When 16-year-old Simon Spier came out as gay in Becky Albertalli’s 2015 novel, “Simon Vs. the Homo Sapiens Agenda,” and later, in the 2018 film adaption, “Love, Simon,” fans applauded his courage and genuinity. When 37-year-old Albertalli came out as bisexual last month, fans responded with mixed feelings.
In her Aug. 31st essay for Medium.com, Albertalli publicly came to terms with the romantic draw towards women she’s felt her whole life – and with the discourse within the book community surrounding her stories.
“[Love, Simon coming out] was one of the most electrifying, unforgettable, truly extraordinary experiences of my life, but having your book adapted to a film brings a lot of notoriety and attention, especially online, and it’s not always the fun kind,” she wrote in her essay.
“Unsurprisingly, there was quite a bit of discourse about my identity. In many online spaces, my straightness was a springboard for some — legitimately important — conversations about representation, authenticity, and ownership of stories. And for some people, my straightness was enough to boycott the film entirely.”
While Albertalli encourages conversations surrounding gender and sexual identity, she has found the book community to be toxic in assuming or demanding to know how creators identify.
“I think it matters; I don’t think we’re very good at talking about it,” Albertalli told the Technique. “I think it’s dangerous if we start picking apart individual authors’ identities, because when you start poking like that, sometimes you’ll find that the person that you’ve been generalizing as a cishet woman is actually not straight.”
In Albertalli’s book, when Simon was openly exposed for his sexuality without his consent, his response was, “This was supposed to be—this is mine. I’m supposed to decide when and where and who knows and how I want to say it.”
Drawing a parallel between Simon’s and her own experiences and her own, Albertalli captioned an Instagram post sharing the link to her essay with: “Dear book community, this was supposed to be my thing.” The clear distinction she made was that she was not outed like Simon was, but it still was not fully her choice.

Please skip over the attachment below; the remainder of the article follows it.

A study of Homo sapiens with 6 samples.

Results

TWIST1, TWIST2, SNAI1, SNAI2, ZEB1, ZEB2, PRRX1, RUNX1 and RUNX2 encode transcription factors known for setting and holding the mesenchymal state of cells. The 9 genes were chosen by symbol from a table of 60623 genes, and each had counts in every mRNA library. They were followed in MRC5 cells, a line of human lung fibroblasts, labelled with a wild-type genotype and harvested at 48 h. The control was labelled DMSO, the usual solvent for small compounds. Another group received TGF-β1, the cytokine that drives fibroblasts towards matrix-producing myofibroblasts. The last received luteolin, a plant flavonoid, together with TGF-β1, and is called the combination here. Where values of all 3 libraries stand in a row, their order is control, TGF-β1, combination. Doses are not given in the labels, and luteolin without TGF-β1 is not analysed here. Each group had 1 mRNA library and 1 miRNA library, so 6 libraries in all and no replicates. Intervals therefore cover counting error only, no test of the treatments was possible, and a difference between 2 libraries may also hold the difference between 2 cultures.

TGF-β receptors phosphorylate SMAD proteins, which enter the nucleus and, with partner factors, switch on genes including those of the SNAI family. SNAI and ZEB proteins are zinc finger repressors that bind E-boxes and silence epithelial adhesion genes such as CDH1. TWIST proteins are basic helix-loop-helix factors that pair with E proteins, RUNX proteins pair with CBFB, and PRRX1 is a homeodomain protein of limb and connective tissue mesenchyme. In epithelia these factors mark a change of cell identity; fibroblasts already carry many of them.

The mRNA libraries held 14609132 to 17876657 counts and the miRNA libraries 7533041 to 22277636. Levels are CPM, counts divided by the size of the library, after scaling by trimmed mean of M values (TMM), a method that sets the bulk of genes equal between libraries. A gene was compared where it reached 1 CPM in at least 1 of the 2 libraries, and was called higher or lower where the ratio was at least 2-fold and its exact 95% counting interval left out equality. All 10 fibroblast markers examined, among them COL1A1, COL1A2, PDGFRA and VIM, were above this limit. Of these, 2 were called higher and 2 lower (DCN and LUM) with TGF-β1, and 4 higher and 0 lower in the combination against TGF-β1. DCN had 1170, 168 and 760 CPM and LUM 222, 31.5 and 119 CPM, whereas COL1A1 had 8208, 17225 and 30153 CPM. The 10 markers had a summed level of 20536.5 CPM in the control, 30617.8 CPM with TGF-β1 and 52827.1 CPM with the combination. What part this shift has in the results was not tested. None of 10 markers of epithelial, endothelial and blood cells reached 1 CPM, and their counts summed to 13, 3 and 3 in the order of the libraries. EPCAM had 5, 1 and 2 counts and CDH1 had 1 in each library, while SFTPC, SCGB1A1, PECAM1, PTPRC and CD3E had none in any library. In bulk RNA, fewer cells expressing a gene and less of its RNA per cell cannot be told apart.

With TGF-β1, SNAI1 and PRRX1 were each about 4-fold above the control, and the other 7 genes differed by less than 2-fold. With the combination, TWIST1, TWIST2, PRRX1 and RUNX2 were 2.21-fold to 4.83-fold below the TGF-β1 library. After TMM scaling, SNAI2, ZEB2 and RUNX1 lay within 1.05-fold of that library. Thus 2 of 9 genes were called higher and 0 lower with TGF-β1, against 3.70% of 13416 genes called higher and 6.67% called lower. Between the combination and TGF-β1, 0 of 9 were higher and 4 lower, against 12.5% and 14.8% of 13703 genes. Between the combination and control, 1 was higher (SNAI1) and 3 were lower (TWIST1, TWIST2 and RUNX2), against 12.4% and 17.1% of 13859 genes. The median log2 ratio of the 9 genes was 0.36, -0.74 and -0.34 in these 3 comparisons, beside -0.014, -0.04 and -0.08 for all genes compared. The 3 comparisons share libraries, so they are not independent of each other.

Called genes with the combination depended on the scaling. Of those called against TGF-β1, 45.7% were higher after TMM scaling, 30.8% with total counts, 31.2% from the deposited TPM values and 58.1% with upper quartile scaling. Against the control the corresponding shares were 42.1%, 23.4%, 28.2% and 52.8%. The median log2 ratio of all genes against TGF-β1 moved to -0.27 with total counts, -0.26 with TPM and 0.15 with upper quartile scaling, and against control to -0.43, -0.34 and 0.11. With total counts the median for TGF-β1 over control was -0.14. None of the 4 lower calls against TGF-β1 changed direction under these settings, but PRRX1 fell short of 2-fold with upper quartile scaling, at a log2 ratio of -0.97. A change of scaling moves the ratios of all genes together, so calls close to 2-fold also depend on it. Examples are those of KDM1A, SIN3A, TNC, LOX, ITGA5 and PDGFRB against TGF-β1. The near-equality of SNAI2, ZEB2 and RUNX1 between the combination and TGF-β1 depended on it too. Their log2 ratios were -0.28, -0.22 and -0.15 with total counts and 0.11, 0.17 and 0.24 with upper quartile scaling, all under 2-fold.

“Nobody forced me, but I’d say [I was] pressured out,” she said. “I would say boundaries were crossed, and there were some entitlement and very pervasive book community dynamics.”
Throughout the week following the publishing of her essay, Albertalli has continued to face criticisms for her work, some in direct response to her coming out.
“I’ve felt dehumanized,” she said. “I don’t like being a part of the discourse. … It’s a strange thing to have your coming out essay critiqued. It’s something that I kind of thought would happen, but I don’t think I could have predicted how it would feel.”
Albertalli knew she could not change the toxic comments people had written about her books, but she could attempt to change the situations for the creators who came after her.
“Some of the reaction has concerned me a little bit, because I feel like there’s been a little bit of ‘Let’s maintain this structure that we gatekeep and police everybody’s identities, but now Becky’s been put on the okay side of things,’” she said. “That’s not the point. The point is that I’m saying these things, because I have the power and platform to say it. … It’s not just a me thing.”
LGBTQ+ representation is essential, and now more than ever it is being seen in mainstream media. Some, however, such as Jonathan Pennie, fourth-year BCHM, have seen this request for representation turn into a demand.
“While I feel that it is crucial for queer readers to have representation in literature, I think that responsibility doesn’t fall on just one person,” Pennie said.
“People have a right to their privacy, and we currently live in a society that doesn’t always celebrate people for living their truth. I had many mixed emotions about her having to come out as I was glad to see more bisexual representation but was deeply saddened to see her forced into a position to do so.”
Like the character Simon, Pennie came out in high school and drew many parallels between their life and Simon’s.
“She crafted a realistic narrative that didn’t fetishize or hyper romanticize being a gay teen,” they said.
Others critize Albertalli for writing a gay male narrative as a woman, and she welcomes this criticism, but online the few negative comments always seem to outweigh the positive majority.
“Well over a thousand beautiful comments [on my coming out post], and I end up thinking about the handful of people who have slid into my Instagram to let me know that they disapprove of how I came out or wanted me to know that I still shouldn’t have written Simon and profited off of experiences that don’t belong to me,” she said. “By all means, feel that way and talk about it; I wish people wouldn’t feel the need to make sure I saw it.”
This is a part of the larger picture of people who gatekeep certain labels, such as bisexuality, often requesting some sort of proof that one is really worthy of their identity. It’s just the mental gymnastics that you haven’t earned [a label] or don’t deserve it,” Albertalli said. “There’s a lot of anxiety about taking up too much space. [I felt that] I don’t have the right to claim this, and I have not suffered enough. Now I feel I’ve suffered enough after this.”
After bearing the weight of much commentary and censure of her work and sexuality, Albertalli feels a heavy trauma, but also a strong internal drive towards change.
“I don’t need any publisher or TikToker to give me an apology,” she said. “I just think we as a community can brainstorm new ways to talk about this and to continue to do the important work of critique with an additional nuance that will keep this community safer for the creators and readers who are absorbing all of this.”